Prospect is proud to represent 50,000 scientists, engineers and technical specialists across all major sectors of the economy.
We are concerned that the UK’s decision to leave the European Union will have significant and challenging implications for science, technology, engineering and mathematics funding, collaboration and skills.
Science is an international endeavour and continued free movement is vitally important both to the public interest and the wider economy.
EU nationals working in STEM professions make a critical contribution to their employing organisations – withdrawing this source of labour would jeopardise capacity, operational delivery and reputation.
Prospect is campaigning for:
- Guaranteed rights for EU nationals already working in the UK to remain.
- Continued international mobility for scientists, including for UK citizens to work in other EU countries.
- Rejection of the Migration Advisory Committee’s recommendations to increase the salary thresholds for Tier 2 of the points-based immigration system for EU nationals.
- Assurances about funding post-2020: Although the Autumn Statement 2016 announced welcome additional funding for R&D, it is not yet clear where this will be allocated or whether it will replace key EU funding streams when the EU’s own legal commitments to honour these payments ends.
- Early clarity about the UK’s relationship with the EU (and other countries) to provide assurance to international science networks and mitigate against the UK being frozen out of collaborative proposals.
- Strong repudiation of incidences of racism and xenophobia wherever and whenever they occur.
- Engagement with stakeholders in developing a long-term strategy for UK science.
UK nuclear is at a crossroads. On the one hand it faces immense challenges in the form of Brexit, concerns over new build, a lack of leadership from government and a potentially serious skills shortfall. On the other hand, there are huge economic opportunities – if we can seize them. ...
The government’s long-awaited proposals on the position of EU citizens living in the UK bring a welcome end to the prolonged vacuum of uncertainty, but still leave many questions unanswered.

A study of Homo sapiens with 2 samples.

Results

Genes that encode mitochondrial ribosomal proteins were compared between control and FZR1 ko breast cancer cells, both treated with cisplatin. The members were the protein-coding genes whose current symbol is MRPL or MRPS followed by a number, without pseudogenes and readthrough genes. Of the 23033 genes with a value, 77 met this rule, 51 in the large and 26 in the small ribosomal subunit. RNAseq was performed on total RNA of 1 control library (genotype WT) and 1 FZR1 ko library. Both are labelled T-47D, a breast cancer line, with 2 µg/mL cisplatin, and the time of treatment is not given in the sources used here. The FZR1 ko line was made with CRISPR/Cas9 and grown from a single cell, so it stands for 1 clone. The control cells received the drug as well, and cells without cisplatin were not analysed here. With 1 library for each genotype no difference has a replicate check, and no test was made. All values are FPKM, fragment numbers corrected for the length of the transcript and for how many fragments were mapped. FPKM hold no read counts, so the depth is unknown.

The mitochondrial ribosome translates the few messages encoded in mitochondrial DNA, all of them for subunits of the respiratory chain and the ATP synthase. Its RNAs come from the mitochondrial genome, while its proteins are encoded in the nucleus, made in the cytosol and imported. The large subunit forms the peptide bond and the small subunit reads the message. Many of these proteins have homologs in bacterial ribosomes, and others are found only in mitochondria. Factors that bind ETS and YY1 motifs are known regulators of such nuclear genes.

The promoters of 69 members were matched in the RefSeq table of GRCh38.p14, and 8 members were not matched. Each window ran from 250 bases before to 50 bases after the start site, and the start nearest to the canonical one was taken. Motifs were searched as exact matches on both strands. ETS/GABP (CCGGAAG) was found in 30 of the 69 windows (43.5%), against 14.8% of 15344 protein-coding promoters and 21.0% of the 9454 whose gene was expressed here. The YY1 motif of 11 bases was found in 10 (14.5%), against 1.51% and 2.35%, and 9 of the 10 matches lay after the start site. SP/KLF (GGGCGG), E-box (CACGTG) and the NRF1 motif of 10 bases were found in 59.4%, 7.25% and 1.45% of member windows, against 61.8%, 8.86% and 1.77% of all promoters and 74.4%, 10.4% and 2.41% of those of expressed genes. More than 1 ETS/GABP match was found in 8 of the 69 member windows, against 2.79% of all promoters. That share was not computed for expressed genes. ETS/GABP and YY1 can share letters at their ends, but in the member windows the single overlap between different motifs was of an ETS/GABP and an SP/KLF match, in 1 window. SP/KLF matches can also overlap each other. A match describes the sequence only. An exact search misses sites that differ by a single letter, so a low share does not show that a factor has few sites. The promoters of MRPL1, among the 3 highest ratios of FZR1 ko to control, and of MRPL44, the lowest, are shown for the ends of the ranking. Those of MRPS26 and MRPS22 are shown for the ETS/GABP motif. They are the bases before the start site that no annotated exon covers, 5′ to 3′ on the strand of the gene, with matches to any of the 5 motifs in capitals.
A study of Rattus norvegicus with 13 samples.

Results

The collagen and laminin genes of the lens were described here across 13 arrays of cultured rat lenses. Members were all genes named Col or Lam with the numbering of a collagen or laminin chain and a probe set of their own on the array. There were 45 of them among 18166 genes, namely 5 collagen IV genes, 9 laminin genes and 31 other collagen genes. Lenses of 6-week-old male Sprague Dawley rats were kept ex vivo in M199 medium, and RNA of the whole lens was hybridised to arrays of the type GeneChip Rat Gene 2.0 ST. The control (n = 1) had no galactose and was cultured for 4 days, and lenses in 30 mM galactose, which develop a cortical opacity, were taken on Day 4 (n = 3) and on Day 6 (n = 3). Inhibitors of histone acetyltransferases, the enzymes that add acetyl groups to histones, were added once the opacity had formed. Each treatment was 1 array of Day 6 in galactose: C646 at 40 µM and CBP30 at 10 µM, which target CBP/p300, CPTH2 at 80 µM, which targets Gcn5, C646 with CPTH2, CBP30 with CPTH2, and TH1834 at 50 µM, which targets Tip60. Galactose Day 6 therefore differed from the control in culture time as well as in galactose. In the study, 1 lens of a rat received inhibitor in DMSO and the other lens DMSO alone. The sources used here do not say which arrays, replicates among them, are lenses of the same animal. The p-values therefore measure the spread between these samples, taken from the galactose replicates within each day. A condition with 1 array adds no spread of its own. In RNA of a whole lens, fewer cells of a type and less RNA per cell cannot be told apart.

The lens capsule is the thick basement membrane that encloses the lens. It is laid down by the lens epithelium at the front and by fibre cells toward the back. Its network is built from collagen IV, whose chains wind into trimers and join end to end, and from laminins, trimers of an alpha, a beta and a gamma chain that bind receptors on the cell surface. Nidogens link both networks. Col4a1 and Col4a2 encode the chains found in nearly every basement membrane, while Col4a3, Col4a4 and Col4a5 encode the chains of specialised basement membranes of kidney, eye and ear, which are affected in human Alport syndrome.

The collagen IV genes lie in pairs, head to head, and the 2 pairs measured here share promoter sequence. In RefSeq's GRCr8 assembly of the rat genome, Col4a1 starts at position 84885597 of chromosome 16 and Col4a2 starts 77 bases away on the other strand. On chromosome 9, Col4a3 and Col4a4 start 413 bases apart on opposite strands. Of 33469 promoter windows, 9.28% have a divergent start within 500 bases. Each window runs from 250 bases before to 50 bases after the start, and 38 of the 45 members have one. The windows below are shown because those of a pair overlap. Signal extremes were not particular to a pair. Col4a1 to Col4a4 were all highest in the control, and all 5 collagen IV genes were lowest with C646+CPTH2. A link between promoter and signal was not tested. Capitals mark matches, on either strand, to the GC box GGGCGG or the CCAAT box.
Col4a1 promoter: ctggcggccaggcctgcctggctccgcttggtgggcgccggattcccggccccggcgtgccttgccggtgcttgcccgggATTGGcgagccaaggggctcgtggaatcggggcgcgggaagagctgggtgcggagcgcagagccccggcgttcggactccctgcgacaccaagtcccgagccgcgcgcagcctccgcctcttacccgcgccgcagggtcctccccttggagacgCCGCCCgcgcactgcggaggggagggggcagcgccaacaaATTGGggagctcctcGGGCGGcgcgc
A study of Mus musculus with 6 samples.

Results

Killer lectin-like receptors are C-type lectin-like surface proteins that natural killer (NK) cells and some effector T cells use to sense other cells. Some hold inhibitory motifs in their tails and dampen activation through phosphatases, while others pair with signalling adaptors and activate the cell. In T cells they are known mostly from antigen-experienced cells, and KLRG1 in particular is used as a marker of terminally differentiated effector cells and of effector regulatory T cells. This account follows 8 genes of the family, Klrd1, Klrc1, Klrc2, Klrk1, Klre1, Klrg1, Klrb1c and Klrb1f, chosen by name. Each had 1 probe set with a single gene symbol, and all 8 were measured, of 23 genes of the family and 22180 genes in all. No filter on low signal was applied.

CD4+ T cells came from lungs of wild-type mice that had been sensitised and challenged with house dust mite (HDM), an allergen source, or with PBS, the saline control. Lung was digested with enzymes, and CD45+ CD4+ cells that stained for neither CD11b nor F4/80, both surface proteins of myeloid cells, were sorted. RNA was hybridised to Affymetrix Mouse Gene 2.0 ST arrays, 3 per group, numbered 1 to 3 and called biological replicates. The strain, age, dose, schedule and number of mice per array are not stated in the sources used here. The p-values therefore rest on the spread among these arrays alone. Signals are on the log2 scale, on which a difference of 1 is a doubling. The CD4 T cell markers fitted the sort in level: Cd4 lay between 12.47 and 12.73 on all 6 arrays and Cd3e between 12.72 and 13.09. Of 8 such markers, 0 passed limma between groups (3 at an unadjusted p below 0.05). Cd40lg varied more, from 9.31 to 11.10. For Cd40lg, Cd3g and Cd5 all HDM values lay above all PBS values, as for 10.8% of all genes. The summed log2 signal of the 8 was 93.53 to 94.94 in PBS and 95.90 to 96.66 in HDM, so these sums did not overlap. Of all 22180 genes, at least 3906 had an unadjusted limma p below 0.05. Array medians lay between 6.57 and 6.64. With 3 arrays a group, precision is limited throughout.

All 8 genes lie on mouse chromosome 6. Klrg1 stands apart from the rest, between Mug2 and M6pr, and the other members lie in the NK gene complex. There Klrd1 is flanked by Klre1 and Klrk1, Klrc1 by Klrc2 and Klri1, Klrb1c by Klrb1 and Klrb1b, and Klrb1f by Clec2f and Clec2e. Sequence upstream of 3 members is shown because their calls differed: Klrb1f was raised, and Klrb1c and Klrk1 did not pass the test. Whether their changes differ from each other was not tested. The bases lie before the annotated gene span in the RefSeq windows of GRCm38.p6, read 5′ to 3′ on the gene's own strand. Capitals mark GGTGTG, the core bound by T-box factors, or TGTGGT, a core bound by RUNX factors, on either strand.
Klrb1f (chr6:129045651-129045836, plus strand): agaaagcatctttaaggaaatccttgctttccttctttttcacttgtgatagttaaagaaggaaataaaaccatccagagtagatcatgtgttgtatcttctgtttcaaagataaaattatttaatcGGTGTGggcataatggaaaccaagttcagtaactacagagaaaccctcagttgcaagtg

I was brought up to see myself as a European. My mum was a language teacher and my dad a scientist. We frequently played host to visiting researchers or stray foreign exchange students. We had Asterix books in five languages, back-to-school stationery from France and Christmas decorations from German markets. ...
With news of a general election in June, now is the time to ensure that workers’ rights are high on the political agenda.
A private members’ bill to ensure that the government keeps its promise to protect workers’ rights post-Brexit was talked out by Conservative MPs on 13 January.
Arguably, the Prime Minister’s speech on Tuesday didn’t tell us much we didn’t already know about the Government’s approach to the impending Brexit negotiations. But it was important in providing much more explicit confirmation of some fundamental priorities and parameters that, up till now, had to be inferred from broad...
Just as in the rest of the UK, Prospect’s Scotland team has been working hard to ensure that members’ concerns about leaving the European Union are raised at the highest level possible. As members will know, the popular vote in Scotland did not support Brexit and we are lucky to have...
The European Union faces an existential crisis – and the remedy is not fragmentation, but more political engagement, debate and democracy, according to a high-level panel discussion on Brexit and the future for Europe at the London School of Economics at the end of October.
European Union countries voted to ratify the Canada-EU trade deal known as the Comprehensive Economic and Trade Agreement (CETA) on 18 October 2016.
The Trans-Atlantic Trade and Investment Partnership (TTIP) currently being negotiated between the EU and the US has hit many stumbling blocks from opponents.